Jessica Miller-Merrell | , , , , , , ,| By
Our world is becoming more specialized as are our jobs. Advanced technology careers like engineering, coding, and software development are in high demand with the average Silicon Valley engineer making a median salary of $105,000 per year. As workers, we are rewarded with specialized skills and training providing us increased income-earning potential and job security. Life is good.
Experts like Seth Godin talk about Linchpins at work and the growing shift towards being successful in your career versus mediocrity. But something lurks behind the shadows. It is an ever growing struggle, a divide between the haves and have-nots; the linchpins and the linchpots. While a Silicon Valley engineer can live comfortably, the average cashier in 2010 made $9.52 an hour. If that cashier works full time at 40 hours a week, that equates to a salary of almost $20,000 per year. That’s $2,000 below the US poverty level for a family of four.
Doing Without and Finding Success
I feel this struggle in my own life as my father is a blue collar worker that was a faithful company man working as a printing pressman for nearly 35 years. That is until the company left him and many others to outsource the work to Mexico for lower hourly wages and other tax benefits. My dad spent nearly 2 years unemployed as he continued his job search, refusing to work for wages less than his unemployment benefits provided. His skills as a printing pressman were specialized – but not in high demand, as the focus has shifted to jobs in technology.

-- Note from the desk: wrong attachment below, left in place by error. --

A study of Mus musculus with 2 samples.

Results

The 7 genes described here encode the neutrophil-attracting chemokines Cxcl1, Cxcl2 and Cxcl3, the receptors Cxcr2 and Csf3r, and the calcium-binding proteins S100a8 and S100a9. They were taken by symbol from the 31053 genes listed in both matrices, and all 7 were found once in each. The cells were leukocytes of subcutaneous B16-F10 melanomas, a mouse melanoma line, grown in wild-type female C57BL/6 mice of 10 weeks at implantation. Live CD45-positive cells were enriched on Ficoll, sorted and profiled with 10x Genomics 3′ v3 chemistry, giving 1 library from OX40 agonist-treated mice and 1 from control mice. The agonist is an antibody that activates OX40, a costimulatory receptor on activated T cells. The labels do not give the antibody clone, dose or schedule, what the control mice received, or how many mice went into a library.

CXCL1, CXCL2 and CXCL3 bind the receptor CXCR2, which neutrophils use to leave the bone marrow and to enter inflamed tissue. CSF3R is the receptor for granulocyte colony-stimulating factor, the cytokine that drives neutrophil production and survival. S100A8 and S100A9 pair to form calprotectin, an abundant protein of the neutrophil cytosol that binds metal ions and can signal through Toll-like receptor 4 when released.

As a child, my dad worked hard and provided me and my sisters with a roof over our heads and guidance that led me to college and to where I am today as an entrepreneur. We were poor and shopped for school clothes at garage sales. We grew our own vegetables and raised chickens, pigs, and cows so we would have food to eat. It was only later in my teenage years did I understand how my family did without.
Experiencing “Success Guilt” as a Successful Entrepreneur
Doing-without makes me feel guilty about the success that provides the life I’m living right now. I struggle. This struggle is a burden I carry. My husband I have done well for ourselves. We purchased a home in 2006, own a car outright, and have very little debt. I don’t worry about where my next meal comes from. I shop garage sales for fun. I don’t clip coupons, and for that I feel tremendous guilt.
Now, when I attend family functions I do not fit in and maybe that’s of my own doing, yet I feel the need for acceptance instead of uncomfortableness and false assumptions that I find instead because I am a successful entrepreneur.
Overcoming Fear of Success
This anguish, confusion, and anxiety I’m feeling is a common one among celebrities, survivors of great tragedies, and professional athletes – except that I’m none of those. I’m guilty for being mildly successful. This life I’ve made for myself as an entrepreneur. This life we’ve made for ourselves has me fighting an inner battle with myself.
Success was making me guilty, and I’ve had enough. I’m overcoming this fear of success and I will not feel guilty for the success I have already earned.